The New Joy of the Bridegroom

Mark 2:18-22 Monday of the Eighth Week in Ordinary Time Today I will forget about myself and seek only to help make those around me joyful.
by Father Walter Schu | Source: Catholic.net


Mark 2:18-22

Introductory Prayer: Jesus, what a joy and what a gift to have this time to be alone with you! I want to know you more deeply. I want to hope in you more firmly. I want to love you with greater constancy in my daily life. Only you can give me these gifts. Only you can make me a bold and joyful apostle of your Kingdom.

Petition: Lord, help me to experience the new joy that comes from carrying the cross alongside you.

1. The Joy of the Bridegroom: The Old Testament prophets, especially Hosea and Isaiah, describe the relationship between Israel and Yahweh as a marriage covenant. Israel is the bride, often an unfaithful one, and Yahweh is the bridegroom. When Christ refers to himself as the bridegroom, he is appropriating a title that had been reserved to God alone. Clearly, Jesus is much more than an ordinary rabbi. What experience do we most associate with a bridegroom and the wedding feast? Joy! “Although it is true that the cross is never absent from an authentically Christian life, it is equally true that the God who meets us on that cross is the same God who created the heavens and the earth, the oceans and the mountains, laughter, sunlight, and every earthly delight” (John Bartunek, LC, The Better Part, p. 365). Christ came to bring us joy, a joy that would last into eternity.

2. Should Christians Fast? Christ says that when the bridegroom is taken away, then his disciples will fast. This is his first reference in the Gospel of Mark to his coming passion. Fasting is a way of sharing in Christ’s sufferings. Fasting, sacrifices, and acts of self-denial are also means to detach ourselves from earthly goods in order to cling more firmly to Christ himself. They make us aware of how much we need God. But these ways of sharing Christ’s cross should not make us glum followers. “Some Christians give the impression that following Christ is a somber affair, or that the Christian life consists above all of dour sacrifices and boring obligations. Joyless, dreary, dull. No wonder their friends want to stay as far away from Christianity as possible!... If our friendship with Christ does not fill us with contagious enthusiasm, we’re probably being a half-hearted friend” (John Bartunek, LC, The Better Part, p. 365).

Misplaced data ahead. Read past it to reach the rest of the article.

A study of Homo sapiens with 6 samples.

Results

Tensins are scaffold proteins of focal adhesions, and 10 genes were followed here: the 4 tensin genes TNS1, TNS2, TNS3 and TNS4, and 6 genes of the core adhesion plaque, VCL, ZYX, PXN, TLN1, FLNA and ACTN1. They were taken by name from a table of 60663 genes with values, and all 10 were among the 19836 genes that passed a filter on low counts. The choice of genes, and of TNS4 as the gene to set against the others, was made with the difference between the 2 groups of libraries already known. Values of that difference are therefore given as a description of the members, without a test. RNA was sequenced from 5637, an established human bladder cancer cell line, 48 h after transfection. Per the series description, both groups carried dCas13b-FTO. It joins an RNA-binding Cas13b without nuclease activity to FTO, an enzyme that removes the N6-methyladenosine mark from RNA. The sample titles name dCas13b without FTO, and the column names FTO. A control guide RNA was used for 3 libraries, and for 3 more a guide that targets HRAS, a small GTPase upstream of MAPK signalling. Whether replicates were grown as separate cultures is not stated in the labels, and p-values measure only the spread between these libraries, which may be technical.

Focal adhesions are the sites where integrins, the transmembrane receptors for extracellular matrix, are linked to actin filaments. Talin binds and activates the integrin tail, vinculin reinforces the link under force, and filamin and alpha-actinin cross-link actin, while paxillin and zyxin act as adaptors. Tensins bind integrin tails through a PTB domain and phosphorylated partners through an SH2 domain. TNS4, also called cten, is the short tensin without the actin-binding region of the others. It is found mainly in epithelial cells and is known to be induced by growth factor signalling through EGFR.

3. “Behold, I Make All Things New.”  The movie The Passion of the Christ puts this phrase from Revelation on Christ’s lips when he meets his mother Mary as he carries the cross to Calvary. Christ’s “narrow gate” of the cross leads to a radically new way of life. It brings an abundance of joy, a new vigor, interior peace. The new wine of the life of grace that Christ pours out on his followers must change not only their way of life, but even their internal attitudes and consciousness.  As St. Teresa of Avila once put it,  “A sad saint is a bad saint.” What obstacles in my life do I need to overcome in order to follow Christ with greater joy and to radiate that joy to others?

Conversation with Christ: Thank you, Lord, for the new life you came to bring — your own divine life of grace inside me and each of your followers who is faithful to you. Help me to share that joy with others. I long to be a true apostle of your joy.

Resolution: Today I will forget about myself and seek only to help make those around me joyful.